Making the Shot Count- Wild Turkey

Making the shot count after all your handwork and preparation has paid off to the moment of truth in turkey hunting where that majestic Tom is standing only yards away can be a challenge. Now this article will not concern you will the “buck fever” you may experience that makes you pull the shot, panic, or however else you experience the rush of the action. What it will do however is tell you where you should be aiming, what you should be shooting, and hopw you can get to making the shot count.

The Shotgun Shell Options

The options for Turkey loads is rather large these days. With some companies designing rounds that can drop birds at 60 yards from a 12 gauge! As a rule of thumb we suggest you let them come in close if not for anything else at least the experience of a thundering Tom only 20 yards in front of you. The three most popular size shoot is #4, #5 and #6 for Wild Turkey. The larger the number (6) the more pellets and faster spread (degrading distance and penetration). The longer the round 2 3/4″, 3″, 3 1/2″ the more punch the round will have. 3″ rounds tend to be the most popular in the turkey hunting community but 2 3/4″ will still get the job done with only slight reducing your effective range when making the shot count.

Shotgun Chokes

The tighter the choke the tighter the pattern. We are not hunting Ruffed Grouse here so we are not looking for our pellets to open up a pattern in a hurry. We are looking for tight patterns, which means a full choke is a great place to start. There are companies that make “turkey chokes’ that are extra full chokes but you should have no issues with a standard full choke. If you want to experiment outside off a standard full choke by all means go ahead but make sure you always test it on paper so at game time you are making the shot count.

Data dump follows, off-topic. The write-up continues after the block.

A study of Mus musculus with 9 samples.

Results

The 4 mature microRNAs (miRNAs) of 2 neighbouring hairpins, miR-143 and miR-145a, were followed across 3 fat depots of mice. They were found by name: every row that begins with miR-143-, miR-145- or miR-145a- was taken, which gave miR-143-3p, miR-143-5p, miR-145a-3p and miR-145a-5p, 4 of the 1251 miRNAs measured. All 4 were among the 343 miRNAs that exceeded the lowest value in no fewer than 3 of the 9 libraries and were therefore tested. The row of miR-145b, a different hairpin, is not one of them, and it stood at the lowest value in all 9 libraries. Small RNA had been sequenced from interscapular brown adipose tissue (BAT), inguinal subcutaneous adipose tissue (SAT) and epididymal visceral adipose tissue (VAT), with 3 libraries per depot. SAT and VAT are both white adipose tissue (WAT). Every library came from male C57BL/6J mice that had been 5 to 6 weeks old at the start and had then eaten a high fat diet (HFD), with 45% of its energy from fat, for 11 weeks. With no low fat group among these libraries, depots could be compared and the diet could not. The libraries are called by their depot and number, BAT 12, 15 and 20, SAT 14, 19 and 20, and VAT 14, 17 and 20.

The Neck and Head- Making the Shot Count

First rule of thumb, with essentially no exceptions, in Turkey hunting with a Shotgun is you aim for the head and the neck. Why you may ask? The body of a Turkey is actually very resistant to bird shot as a result of the feathers that make up a “natural” bullet proof vest if you will. Popular belief says that a 12 Gauge, 3 inch round will not penetrate the body enough at over 20 yards to get to the vitals. Add in the actual destruction of the meat and the reasons why you shouldn’t shoot a turkey in the body with a shotgun keep stacking up. The head/neck shot is not as difficult as it sounds many guys will put turkeys on the ground at 30 yards with little effort making head shots.

With the spread of turkey shot (which you should pattern ahead of time) hitting the vital areas of the head or neck is the most effective method for a quick harvest.

Practice, Practice, Pattern

You should always practice shooting no matter what your quarry. You need to be personally confident in where and how you gun is performing. In turkey hunting you want to actually see where your pellets are hitting at different distances. We call this patterning your gun. Below we have placed a nice picture of a Tom for you to print out on a paper (click it first) to test the spread and pattern of your gun. (Print a bunch to try different distances and different loads). You should mark on them the distance, load, and chock you use for a later reference point if you begin to experiment with other set ups. Count the number of pellets that gets in the head and neck and you will start to understand whats effective. A dozen pellets is more than enough to see a Tom drop in front of you.

Use this Turkey target when making the shot count

Use this Turkey target when making the shot count

The Distance

The National Wild Turkey Federation has deemed 40 yards to be the absolute longest ethical shot in Turkey hunting. As a beginner to Turkey hunting we suggest that 30 yards be the absolute max and only after all resources have been exhausted to make a 10-20 yard shot happen. The things that will effect how far you can successful shoot (outside of your own ability) are things like shotgun gauge, the choke, shell length, and shot size. If you followed the advice of “Practice, Practice, Pattern’ you will know exactly the distances your set up and you are capable of and in the end making the shot count!